User Role Prediction in Online Discussion Forums using Probabilistic Soft Logic

Extended Abstract

Arti Ramesh1, Jaebong Yoo2, Lise Getoor1, Jihie Kim2 1Department of Computer Science, University of Maryland, College Park, USA 2Information Sciences Institute, University of Southern California 1artir,, 1jihie,

Online discussions have become a popular tool for supporting student communication in college-level courses. Participating in online discussions is an important part of student activities in both distance edu- cation as well as classroom education [2]. We identify two major roles for a student participating in online discussions - information seeker and information provider. One of the key challenges for modeling student conversation lies in identifying the role played by the student in the discussions. Identifying the student’s role can help in inferring interesting facts such as her understanding of the subject, her willingness to participate in discussions and credibility of her answers.

In this paper, we propose the use of Probabilistic Soft Logic (PSL) [1] as a framework for modeling the probabilistic relationships and similarities between entities in online forums, and use probabilistic rea- soning to infer users’ roles in online discussion threads. PSL, like many other statistical relational learning methods [3], uses first order logic rules annotated with weights to model the dependencies. However PSL uses soft truth values, relaxing boolean truth values to the interval [0,1]. Triangular norms, which are continuous relaxations of logical connectives AND and OR, are used to combine the atoms in the first order clauses. Soft truth values enable integration of similarity functions in the same interval. With the help of these similarity functions, PSL supports reasoning about similarity between entities, relations and also sets of entities which are related by the same relation. And as a result of the soft formulation and the triangular norms, inference in PSL is a convex optimization problem, which makes inference in PSL tractable in comparison to other formalisms.

Modeling users’ roles in online discussions is challenging due to the following reasons: 1) online dis- cussion threads often contain noisy data which makes it difficult to distinguish between information sought and information provided; 2) questions can be similar, not essentially same and they can be asked in differ- ent ways with different content words; and 3) the questions and answers in online discussion forums do not necessarily follow the syntactic rules of grammar and identifying them correctly is key to inferring the roles. PSL is well-suited towards modeling these dependencies. For example, finding and modeling the similarity between the questions/answers probabilistically can help infer users’ roles in related questions. With the convenient means to represent similarities and connect them using weighted first order clauses, PSL is ca- pable of representing the relations existing between various entities in the discussion threads and propagate similarity values across the network. We are in the process of finding and formalizing the dependencies that exist in this domain as first-order logic rules in PSL. Using the weighted first order clauses, we propose to infer users’ roles in the discussion threads on an existing collection of online discussions.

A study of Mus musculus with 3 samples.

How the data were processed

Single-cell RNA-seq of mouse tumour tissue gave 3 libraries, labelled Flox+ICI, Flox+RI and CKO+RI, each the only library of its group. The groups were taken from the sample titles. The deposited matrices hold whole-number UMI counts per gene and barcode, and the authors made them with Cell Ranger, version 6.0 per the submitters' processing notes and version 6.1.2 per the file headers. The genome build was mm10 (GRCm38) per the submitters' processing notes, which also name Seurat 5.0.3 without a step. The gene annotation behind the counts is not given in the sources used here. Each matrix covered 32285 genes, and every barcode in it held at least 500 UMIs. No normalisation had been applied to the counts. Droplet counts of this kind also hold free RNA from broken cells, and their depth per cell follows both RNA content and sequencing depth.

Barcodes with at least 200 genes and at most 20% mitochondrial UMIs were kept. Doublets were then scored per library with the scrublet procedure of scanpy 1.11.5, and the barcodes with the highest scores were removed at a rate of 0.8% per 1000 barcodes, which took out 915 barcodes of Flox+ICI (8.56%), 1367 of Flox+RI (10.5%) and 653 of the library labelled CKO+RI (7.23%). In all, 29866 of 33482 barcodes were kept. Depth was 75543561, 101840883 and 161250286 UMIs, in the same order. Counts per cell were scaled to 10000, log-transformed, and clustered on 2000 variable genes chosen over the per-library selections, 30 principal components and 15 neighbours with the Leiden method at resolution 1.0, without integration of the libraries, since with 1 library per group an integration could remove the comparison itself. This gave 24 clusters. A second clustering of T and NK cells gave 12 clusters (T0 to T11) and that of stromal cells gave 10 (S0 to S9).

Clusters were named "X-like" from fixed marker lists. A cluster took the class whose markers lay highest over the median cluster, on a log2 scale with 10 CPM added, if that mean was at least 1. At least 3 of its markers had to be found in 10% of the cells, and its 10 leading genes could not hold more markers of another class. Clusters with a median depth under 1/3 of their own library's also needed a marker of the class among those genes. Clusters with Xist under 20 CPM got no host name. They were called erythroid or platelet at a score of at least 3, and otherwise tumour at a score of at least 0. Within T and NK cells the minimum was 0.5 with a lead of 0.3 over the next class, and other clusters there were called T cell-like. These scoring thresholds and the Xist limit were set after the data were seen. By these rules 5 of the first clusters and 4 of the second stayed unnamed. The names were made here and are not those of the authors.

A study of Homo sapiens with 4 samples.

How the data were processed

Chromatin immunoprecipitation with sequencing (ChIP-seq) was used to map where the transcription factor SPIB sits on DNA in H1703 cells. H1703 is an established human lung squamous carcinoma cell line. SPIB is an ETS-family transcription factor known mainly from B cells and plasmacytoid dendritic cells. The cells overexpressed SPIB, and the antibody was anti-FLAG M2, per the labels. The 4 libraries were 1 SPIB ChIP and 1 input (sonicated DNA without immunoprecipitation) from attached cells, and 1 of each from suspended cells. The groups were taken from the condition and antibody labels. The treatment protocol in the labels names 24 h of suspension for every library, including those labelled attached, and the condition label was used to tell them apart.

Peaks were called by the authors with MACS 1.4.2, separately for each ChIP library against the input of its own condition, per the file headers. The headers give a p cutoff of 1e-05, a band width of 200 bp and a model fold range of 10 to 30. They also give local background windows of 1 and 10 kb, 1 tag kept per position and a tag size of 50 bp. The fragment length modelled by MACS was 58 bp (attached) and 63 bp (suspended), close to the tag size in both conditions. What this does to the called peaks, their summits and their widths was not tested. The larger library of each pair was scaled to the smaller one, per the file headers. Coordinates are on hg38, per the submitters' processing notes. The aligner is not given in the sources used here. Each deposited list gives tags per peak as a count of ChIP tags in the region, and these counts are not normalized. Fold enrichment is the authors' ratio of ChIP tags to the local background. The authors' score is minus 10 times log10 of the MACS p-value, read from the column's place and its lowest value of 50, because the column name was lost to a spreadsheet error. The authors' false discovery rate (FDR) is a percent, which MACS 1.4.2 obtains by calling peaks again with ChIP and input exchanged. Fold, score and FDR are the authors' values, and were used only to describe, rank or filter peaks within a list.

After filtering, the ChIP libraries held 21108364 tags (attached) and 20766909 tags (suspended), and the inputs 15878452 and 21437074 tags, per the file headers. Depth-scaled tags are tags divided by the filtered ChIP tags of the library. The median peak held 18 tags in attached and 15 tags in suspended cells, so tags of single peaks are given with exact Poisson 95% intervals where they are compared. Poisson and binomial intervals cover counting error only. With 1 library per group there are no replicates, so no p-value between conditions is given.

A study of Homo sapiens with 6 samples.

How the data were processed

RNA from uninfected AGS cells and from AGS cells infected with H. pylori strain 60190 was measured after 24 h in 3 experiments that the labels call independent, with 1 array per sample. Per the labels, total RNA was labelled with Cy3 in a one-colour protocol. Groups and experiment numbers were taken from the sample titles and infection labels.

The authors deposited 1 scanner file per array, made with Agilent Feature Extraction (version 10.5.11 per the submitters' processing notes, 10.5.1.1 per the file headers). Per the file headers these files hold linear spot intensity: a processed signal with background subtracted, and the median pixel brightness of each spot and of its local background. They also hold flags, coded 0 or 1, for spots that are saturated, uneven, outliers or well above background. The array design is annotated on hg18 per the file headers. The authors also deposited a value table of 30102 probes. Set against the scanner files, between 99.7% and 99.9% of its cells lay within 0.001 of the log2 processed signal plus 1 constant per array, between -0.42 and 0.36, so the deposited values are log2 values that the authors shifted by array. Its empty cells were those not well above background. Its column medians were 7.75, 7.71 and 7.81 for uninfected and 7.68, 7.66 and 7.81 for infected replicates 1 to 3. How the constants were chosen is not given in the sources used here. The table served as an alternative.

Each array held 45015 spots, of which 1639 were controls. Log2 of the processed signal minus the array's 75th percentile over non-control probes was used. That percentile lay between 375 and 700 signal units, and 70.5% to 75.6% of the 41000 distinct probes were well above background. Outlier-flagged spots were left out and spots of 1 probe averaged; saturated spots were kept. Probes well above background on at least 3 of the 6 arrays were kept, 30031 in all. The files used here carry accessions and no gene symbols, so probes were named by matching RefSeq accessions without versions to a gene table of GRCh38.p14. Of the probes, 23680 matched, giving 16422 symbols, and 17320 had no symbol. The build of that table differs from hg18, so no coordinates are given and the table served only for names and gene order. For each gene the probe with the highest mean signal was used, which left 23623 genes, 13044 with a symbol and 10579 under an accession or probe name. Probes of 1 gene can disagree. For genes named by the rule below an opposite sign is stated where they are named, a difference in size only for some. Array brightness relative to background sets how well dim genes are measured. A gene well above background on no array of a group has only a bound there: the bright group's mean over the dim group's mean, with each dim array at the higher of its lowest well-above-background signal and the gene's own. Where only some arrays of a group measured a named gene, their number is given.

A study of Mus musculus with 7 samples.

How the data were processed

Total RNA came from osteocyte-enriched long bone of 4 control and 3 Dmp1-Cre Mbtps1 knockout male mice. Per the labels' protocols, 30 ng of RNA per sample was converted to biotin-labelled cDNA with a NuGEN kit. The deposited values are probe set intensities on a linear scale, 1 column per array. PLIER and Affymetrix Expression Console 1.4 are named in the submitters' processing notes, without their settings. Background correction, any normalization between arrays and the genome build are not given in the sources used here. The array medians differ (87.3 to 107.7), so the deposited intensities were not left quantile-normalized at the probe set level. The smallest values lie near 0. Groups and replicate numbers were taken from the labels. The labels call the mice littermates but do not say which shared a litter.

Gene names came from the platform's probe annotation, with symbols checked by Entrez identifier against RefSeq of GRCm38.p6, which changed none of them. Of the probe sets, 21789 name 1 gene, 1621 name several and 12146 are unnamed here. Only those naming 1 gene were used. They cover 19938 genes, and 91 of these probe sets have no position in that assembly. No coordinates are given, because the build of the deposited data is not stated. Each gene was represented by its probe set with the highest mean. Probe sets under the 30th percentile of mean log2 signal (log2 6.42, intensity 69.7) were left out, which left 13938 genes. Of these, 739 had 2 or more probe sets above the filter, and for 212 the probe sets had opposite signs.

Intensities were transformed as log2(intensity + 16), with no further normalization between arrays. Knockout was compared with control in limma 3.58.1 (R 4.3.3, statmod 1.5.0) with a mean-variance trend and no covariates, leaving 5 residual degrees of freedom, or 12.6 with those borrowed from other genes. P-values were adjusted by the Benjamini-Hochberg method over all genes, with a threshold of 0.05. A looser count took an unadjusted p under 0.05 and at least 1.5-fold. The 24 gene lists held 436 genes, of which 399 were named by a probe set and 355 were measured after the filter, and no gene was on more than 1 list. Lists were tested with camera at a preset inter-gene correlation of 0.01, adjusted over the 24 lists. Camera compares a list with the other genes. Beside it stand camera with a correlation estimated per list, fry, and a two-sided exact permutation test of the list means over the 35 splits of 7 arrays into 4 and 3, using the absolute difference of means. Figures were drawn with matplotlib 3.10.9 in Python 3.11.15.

[1] Broecheler, M., Mihalkova, L. & Getoor, L., Probabilistic Soft Logic. In Conference on Uncertainty in

Artificial Intelligence, 2010.

[2] Kang, J. H. & Kim, J., Analyzing Answers in Threaded Discussions using a Role-Based Information

Network. In proceedings of the IEEE International Conference on Social Computing, 2011.

[3] Getoor, L. & Tasker, B., Introduction to Statistical Relational Learning. The MIT Press, 2007.